Brands often conceptualize video assets as individual inputs—a great product launch video or an explainer film to give their messaging context, for example. However, as video marketing matures, it’s important to think about how you’ll nurture a viewer across an ecosystem of video experiences and, ultimately, drive the conversion.
Having a sequencing plan and using storytelling to drive that momentum forward is how top brands are using video content marketing to shape the entire customer experience.
Phased block planning is one strategy marketers are using to create ongoing story arcs for video marketing campaigns. But what is it, exactly? The Adidas marketing team, who’ve typically approached their video planning trajectory using this specific format, describes it as “one campaign split into multiple, time-separated phases, all targeted at the same audience,” in an interview for Think with Google.
According to the article, these phases have typically focused on three core things: driving awareness, action, and educating consumers. The piece goes on to say that Adidas has subsequently adopted ad sequencing tools and other approaches to further increase their success.
However, for the marketer who’s struggling to conceptualize how to develop a coherent framework for a longer video campaign, phased block planning offers a nice starting point. The goal is to think about a campaign spread out over a period of time, with a series of assets that build on each other and ultimately guide your audience through the whole collection.
Consider the case of a product launch, which might run for a month, depending on the industry. By developing video assets that are designed to address raising awareness, educating prospects, and finally driving viewers toward a conversion, video marketing follows a familiar pathway to the customer journey map. In the case of Adidas, they describe how using a new distribution methodology—essentially an ad sequencing tool—can help speed up the rate at which audiences consume their videos.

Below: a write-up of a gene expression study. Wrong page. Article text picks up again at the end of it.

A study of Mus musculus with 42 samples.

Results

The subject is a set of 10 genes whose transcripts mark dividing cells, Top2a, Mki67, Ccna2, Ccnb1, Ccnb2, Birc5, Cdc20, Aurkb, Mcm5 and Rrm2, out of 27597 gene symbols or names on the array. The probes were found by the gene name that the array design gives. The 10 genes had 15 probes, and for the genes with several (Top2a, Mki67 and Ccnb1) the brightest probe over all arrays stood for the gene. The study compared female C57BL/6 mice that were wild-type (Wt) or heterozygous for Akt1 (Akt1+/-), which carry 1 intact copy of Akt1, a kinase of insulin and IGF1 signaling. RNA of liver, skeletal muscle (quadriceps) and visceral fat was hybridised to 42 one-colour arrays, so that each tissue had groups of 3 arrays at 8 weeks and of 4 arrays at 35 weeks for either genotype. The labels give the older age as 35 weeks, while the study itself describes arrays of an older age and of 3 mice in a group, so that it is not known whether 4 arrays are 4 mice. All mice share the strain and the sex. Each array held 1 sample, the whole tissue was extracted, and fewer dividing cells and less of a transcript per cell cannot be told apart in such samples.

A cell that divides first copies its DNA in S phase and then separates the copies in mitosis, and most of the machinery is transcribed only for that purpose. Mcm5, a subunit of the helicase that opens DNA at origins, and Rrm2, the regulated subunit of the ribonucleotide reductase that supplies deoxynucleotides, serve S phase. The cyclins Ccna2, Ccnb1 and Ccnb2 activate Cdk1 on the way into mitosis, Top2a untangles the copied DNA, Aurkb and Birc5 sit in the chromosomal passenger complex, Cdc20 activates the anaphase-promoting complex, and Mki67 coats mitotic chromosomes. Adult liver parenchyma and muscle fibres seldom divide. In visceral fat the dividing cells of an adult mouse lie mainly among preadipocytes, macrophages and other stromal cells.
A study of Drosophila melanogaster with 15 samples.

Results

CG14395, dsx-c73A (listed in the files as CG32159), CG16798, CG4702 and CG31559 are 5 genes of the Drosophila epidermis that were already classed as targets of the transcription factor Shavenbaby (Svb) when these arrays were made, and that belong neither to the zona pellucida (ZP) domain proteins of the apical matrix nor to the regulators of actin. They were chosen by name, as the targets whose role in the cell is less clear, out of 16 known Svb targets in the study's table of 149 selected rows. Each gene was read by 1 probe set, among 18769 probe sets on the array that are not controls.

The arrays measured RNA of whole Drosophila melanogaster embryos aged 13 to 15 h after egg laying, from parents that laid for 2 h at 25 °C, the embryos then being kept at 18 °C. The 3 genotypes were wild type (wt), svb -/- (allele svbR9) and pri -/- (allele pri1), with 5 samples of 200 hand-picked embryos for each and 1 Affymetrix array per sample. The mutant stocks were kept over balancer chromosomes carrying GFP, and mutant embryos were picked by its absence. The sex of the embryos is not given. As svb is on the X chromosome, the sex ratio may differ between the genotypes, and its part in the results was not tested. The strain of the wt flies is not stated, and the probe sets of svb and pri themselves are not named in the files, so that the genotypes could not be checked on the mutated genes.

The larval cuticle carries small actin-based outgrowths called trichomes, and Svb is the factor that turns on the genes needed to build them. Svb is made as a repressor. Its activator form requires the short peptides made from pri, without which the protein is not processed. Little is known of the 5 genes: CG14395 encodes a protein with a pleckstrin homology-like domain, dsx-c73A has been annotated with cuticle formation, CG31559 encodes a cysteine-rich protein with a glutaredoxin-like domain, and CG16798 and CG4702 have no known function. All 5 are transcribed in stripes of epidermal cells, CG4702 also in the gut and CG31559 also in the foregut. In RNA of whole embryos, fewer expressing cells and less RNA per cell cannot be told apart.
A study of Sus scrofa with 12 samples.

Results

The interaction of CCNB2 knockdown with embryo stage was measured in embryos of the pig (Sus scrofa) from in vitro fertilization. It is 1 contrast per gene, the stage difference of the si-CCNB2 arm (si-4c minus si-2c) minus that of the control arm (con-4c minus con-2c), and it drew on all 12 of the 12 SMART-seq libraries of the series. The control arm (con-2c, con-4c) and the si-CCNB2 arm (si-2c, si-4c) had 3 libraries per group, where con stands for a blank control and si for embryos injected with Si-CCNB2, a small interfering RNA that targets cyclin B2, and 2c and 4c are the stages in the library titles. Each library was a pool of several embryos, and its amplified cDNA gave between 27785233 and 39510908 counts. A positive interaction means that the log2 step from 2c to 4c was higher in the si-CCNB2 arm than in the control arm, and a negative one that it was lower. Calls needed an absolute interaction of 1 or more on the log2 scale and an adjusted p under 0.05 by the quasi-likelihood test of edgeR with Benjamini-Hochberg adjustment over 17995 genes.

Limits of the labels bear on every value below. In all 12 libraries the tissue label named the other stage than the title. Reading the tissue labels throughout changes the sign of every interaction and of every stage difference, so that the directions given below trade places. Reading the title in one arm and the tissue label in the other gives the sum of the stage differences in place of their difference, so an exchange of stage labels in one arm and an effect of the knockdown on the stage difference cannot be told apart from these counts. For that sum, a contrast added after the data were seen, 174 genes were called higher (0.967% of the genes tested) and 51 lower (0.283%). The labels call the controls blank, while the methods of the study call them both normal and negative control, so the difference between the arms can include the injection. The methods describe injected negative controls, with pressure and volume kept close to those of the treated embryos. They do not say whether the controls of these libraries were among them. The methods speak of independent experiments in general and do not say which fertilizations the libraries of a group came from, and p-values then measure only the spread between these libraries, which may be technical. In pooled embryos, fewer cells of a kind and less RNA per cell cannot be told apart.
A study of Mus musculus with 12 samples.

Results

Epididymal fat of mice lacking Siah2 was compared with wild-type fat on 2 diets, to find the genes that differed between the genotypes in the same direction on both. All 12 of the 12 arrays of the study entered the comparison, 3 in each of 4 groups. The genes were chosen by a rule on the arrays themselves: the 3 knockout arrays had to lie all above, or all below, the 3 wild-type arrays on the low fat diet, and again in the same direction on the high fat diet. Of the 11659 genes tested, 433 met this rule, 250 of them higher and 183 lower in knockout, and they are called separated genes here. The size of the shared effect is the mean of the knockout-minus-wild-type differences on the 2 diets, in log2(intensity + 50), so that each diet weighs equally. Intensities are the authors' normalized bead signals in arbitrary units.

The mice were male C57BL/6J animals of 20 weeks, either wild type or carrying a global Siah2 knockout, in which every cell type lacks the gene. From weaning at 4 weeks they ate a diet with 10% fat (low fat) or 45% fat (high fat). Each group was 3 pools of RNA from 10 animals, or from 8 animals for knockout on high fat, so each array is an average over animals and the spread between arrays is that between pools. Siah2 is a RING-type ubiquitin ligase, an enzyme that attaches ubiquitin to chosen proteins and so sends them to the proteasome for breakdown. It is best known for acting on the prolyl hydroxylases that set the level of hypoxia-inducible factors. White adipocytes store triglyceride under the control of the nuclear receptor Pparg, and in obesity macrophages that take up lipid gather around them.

Image source: Hermes Rivera on Unsplash
One of the most important aspects to consider with video content marketing is how you’ll fit these assets together. It’s easy to default to being tactical, but as the Harvard Business Review points out, you don’t want to lose sight of the larger mission: setting pathways to create demand. In short, leave the innovation for the actual storytelling.
“The search, content, and loyalty campaigns that most managers call marketing these days are common downstream tactics for generating or maintaining awareness or repeat purchase; the full, business-growing power of the marketing function comes way upstream—from creating markets,” HBR explains. “Understanding people’s fundamental needs and drivers, identifying customers, and developing the entire go-to-market and usage ecosystem are the essential aspects of marketing—and the ones that the success of innovations, especially breakthrough ones, hinge upon.”
Whether you’re thinking about a 15-second video for social or a lengthier one that looks at your brand’s impact in greater depth, it’s important to consider your larger video marketing experience. Storytelling is one thread that can help you connect with your audiences and keep them coming back for more. And by developing a campaign that uses phase blocking and is anchored around stories, marketers can better speak to their audiences, play to different drivers and perceptions that underscore a product’s appeal, and engage customers more deeply.
If you’re tackling your first large video campaign or you’re working toward systematic storytelling in video format, here are a few strategies that’ll set you up for success.
In today’s world of video content marketing, a single great video is no longer enough. Today’s marketers need to push the boundaries of how they think about videos and develop stronger arcs that build on narratives throughout non-linear, yet highly personalized, customer journeys. By creating a strategy that’s built around phased block planning and supported by strong storytelling and distribution, you’ll be poised to forge deeper connections with your audience.